SIR – I wrote this article a few years ago, but it has much greater relevance for today and the very stressful time we are experiencing.
I asked then: “Do you know a carer? Carers are the men and women providing professional care services to the elderly, the disabled, the frail or sick.”
At that time it was a reality that few people truly considered the worth of carers, nor of all the other keyworkers who are now holding this country together. Largely we exist with an impression and an opinion, shaped by our experience or by the media, and sadly care homes hit the headlines for all of the wrong reasons.
It is ironic that it is only now that all of the vacancies within care homes may actually be filled as people strive to find a job with the collapse of so many businesses. Usually ‘care’ is never a job that attracts employees because of the salary. Carers come to the job because of qualities that are only now being truly valued.
They stay in the job because they are genuinely caring, compassionate people who want to help others, and they carry on staying as it becomes a most rewarding career. Like all of the NHS workers, and other care services, we go home at the end of a long day having truly made a difference to the lives of many.
Through my time being a carer I have learned that carers are an impressive lot! The majority are dedicated and hard working team players.
I’ve met carers from every background: mums, dads, younger, older, foreigners from many different cultures, those in university, those otherwise overqualified, and those who’ve only just finished their required training. It’s a fact that we wouldn’t have a care industry if it weren’t for immigrants filling many roles.
But the most common thread is that nearly every carer has a story to tell – having had their fair share of hardship or even tragedy. It’s these things, after all, that often build the overly compassionate and caring natures that drive us and enable us to do our jobs.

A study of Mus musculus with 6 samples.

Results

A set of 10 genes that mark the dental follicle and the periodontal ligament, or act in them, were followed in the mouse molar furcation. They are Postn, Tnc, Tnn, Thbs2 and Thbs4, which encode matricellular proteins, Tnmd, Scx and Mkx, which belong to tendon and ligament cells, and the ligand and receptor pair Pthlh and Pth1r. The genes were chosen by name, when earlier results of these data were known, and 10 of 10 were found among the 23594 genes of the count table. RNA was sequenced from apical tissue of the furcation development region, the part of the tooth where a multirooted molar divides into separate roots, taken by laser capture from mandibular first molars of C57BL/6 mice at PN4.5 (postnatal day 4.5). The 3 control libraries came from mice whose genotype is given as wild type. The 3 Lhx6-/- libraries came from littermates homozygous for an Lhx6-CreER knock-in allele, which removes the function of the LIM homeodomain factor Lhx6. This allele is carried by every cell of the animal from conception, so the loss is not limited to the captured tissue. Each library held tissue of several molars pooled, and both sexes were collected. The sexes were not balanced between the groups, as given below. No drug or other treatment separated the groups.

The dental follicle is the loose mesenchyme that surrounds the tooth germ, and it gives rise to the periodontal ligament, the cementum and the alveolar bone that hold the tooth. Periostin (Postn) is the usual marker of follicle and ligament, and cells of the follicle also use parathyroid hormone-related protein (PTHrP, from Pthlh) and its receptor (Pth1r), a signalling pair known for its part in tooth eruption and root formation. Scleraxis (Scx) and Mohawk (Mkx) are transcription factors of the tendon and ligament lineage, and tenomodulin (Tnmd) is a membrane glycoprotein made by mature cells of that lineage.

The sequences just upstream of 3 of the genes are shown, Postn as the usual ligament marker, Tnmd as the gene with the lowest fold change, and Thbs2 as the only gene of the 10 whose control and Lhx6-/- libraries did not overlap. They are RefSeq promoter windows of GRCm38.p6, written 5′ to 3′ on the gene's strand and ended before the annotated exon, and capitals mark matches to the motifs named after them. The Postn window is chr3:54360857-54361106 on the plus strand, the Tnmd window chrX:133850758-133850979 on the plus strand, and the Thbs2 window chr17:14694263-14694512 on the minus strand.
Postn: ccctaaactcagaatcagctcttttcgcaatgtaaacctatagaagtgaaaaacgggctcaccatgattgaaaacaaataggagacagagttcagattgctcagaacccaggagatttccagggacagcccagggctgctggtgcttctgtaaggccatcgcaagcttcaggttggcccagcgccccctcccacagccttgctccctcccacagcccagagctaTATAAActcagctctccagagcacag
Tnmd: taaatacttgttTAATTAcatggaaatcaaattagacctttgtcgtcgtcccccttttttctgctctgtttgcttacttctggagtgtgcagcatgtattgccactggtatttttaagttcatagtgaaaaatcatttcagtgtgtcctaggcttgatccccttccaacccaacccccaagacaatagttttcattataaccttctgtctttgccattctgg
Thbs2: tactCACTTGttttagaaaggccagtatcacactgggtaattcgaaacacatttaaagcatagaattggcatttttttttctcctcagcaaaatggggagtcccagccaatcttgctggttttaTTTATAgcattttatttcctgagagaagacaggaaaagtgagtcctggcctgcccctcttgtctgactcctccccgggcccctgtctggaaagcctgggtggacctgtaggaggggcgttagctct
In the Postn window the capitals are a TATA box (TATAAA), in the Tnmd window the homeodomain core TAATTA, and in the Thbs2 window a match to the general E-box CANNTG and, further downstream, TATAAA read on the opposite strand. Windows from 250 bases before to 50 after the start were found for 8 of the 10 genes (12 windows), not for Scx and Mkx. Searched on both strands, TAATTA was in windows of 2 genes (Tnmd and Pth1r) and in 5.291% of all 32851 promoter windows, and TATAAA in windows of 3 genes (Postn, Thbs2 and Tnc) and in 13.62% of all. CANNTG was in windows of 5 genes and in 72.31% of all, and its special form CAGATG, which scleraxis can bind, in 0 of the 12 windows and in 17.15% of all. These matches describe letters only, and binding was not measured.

So many times I’ve been deeply moved doing my work. I’ve seen such loving, and genuinely caring acts between carer and resident. I’ve seen the most caring hugs, the most tender moments of conversation, the most gentle of touches offering reassurance from these people who are now very much the resident’s new family.
I am exceptionally proud to work alongside my colleagues. They are a blessing to families who cannot be there for their own.
They are, in the great majority, all special people doing work that is very specialised. Their buttons can be pushed every day, their patience can be tried beyond endurance, and emotionally they can suffer when those they care for reach the end of their lives. Every day their physical safety can also be threatened, but now too their very lives are being endangered.
Carers are owed a great debt by society. As with many key workers they should receive a better wage in recognition, but what they all thoroughly deserve is our utmost respect. Theirs is a tough job, made easier by working within a team of good people. Before this pandemic each one of them would have said that theirs is the most rewarding job they could do! And thankfully now their pride in their work has grown and grown. Bless all of you who Clap for us all on a Thursday – you truly make our days, or nights, better and our hearts soar!